Pride brings $1 million into the Ferndale economy each year. The event has always been well-attended, and the location seems fitting with the visible presence of gay-owned businesses and Affirmations Community Center. However, much of the Pride committee’s decision seems economically-based.
Ferndale Downtown Development Authority Board President Veronica Lujic said that organizers from the festival wanted financial incentives to stay. “Detroit offered them $15,000 to move down there,” she said. “How can we compete with that?” Ferndale has publically scaled back financial support of the event for the past two years.
Ferndale gave an estimated cost of $14,733.52 for fees for 2010, which was the first year that Ferndale did not become a sponsor of the event, and chose not to waive any of the fees.
In 2009 Ferndale approved Pride’s event permit, but changed the lot rental from $1 to $500. The city council voted to sponsor the event for $5,000.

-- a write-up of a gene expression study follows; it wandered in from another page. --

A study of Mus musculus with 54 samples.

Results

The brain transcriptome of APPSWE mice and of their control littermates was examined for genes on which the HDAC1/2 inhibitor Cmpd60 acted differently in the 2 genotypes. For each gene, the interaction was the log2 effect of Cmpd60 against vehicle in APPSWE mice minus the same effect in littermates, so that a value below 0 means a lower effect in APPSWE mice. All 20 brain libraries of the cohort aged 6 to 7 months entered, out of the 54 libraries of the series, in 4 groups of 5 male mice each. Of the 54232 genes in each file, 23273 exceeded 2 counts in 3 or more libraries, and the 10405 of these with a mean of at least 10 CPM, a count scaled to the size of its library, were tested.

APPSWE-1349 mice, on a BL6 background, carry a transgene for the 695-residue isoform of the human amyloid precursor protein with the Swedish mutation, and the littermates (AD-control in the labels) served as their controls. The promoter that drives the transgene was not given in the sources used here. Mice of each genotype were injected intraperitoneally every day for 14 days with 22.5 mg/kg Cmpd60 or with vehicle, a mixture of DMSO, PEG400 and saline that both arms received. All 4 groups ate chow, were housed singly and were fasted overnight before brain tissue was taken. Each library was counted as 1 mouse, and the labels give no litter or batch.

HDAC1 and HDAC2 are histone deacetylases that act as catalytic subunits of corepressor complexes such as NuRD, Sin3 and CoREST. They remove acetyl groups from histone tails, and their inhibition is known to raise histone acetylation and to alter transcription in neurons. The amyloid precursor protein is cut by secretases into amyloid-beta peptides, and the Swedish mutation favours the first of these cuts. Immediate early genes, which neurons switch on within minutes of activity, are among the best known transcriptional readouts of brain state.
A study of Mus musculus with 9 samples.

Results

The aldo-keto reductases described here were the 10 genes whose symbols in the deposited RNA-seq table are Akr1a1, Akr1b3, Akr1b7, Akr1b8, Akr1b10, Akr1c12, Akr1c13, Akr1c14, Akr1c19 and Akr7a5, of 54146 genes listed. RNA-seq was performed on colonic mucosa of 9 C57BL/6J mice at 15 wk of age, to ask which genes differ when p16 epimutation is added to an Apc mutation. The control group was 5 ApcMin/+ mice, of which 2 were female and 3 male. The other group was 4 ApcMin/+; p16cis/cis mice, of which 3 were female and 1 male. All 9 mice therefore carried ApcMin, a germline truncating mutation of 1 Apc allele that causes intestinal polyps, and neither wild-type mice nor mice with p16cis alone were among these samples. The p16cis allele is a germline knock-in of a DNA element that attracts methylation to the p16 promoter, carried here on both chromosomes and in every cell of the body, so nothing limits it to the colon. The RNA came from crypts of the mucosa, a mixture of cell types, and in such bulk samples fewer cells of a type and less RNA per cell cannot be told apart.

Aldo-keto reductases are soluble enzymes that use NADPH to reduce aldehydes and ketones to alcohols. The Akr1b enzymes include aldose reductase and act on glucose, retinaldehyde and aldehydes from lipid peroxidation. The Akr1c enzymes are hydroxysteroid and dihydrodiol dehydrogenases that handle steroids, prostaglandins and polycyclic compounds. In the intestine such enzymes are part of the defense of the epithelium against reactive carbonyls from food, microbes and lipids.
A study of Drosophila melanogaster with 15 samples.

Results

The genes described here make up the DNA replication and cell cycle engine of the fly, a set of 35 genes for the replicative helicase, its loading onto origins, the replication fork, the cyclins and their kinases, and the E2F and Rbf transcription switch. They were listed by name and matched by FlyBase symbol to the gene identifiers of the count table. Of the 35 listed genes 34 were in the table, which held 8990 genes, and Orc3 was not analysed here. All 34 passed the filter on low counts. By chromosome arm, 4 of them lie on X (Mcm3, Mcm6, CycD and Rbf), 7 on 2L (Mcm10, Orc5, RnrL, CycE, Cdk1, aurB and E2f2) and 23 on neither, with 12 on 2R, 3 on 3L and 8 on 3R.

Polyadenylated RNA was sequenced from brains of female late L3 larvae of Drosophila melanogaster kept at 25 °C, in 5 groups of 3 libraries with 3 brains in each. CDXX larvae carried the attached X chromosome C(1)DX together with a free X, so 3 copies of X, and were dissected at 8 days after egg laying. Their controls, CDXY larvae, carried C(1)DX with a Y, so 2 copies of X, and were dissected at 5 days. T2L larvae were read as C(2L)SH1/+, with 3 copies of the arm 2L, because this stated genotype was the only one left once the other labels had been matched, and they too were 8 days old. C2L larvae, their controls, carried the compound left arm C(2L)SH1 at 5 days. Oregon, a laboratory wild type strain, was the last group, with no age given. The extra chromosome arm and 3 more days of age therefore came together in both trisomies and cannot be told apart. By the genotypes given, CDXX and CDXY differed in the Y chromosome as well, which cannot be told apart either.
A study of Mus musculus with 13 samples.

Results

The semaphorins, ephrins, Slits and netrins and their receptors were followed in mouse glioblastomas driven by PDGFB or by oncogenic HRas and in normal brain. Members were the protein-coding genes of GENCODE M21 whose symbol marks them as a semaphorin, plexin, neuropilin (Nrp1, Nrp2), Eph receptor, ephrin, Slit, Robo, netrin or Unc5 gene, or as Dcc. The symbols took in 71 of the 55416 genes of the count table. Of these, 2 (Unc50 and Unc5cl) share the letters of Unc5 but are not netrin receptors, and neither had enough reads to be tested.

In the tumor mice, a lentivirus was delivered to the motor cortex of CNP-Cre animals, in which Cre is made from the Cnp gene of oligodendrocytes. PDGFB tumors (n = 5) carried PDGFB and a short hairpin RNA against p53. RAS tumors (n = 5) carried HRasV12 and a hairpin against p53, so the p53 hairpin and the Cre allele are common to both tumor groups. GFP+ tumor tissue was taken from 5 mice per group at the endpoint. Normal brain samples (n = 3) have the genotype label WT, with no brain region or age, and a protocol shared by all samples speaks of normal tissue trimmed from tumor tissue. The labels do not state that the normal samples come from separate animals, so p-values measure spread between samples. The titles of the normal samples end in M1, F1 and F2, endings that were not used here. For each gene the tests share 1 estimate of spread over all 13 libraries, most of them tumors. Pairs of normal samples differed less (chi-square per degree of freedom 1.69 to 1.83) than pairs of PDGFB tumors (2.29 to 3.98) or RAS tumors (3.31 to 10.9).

County Commissioner Craig Covey, a former Ferndale mayor and one of the organizers of the Pride marches of the 1980s that grew into the celebration of today, was critical of Ferndale’s lack of support. “Ferndale did get carried away in charging too much for the costs associated with the festival. In raising fees to more than $11,000 for the festival organizers, I believe we were a bit penny wise and pound foolish. The event brings a million dollars to our downtown, and the city should not have nickeled and dimed Motor City Pride,” Covey said.
“They want to return to the roots of where the Pride events started in the parades of 1986-1989 in downtown Detroit, which I started and ran. But they should remember that we never grew beyond about 5,000 people. I believe that the event may very well shrink this year when they move to Hart plaza.”
Covey said he’d be happy to work with the Pride committee again if it wanted to bring the celebration back to Ferndale in the future.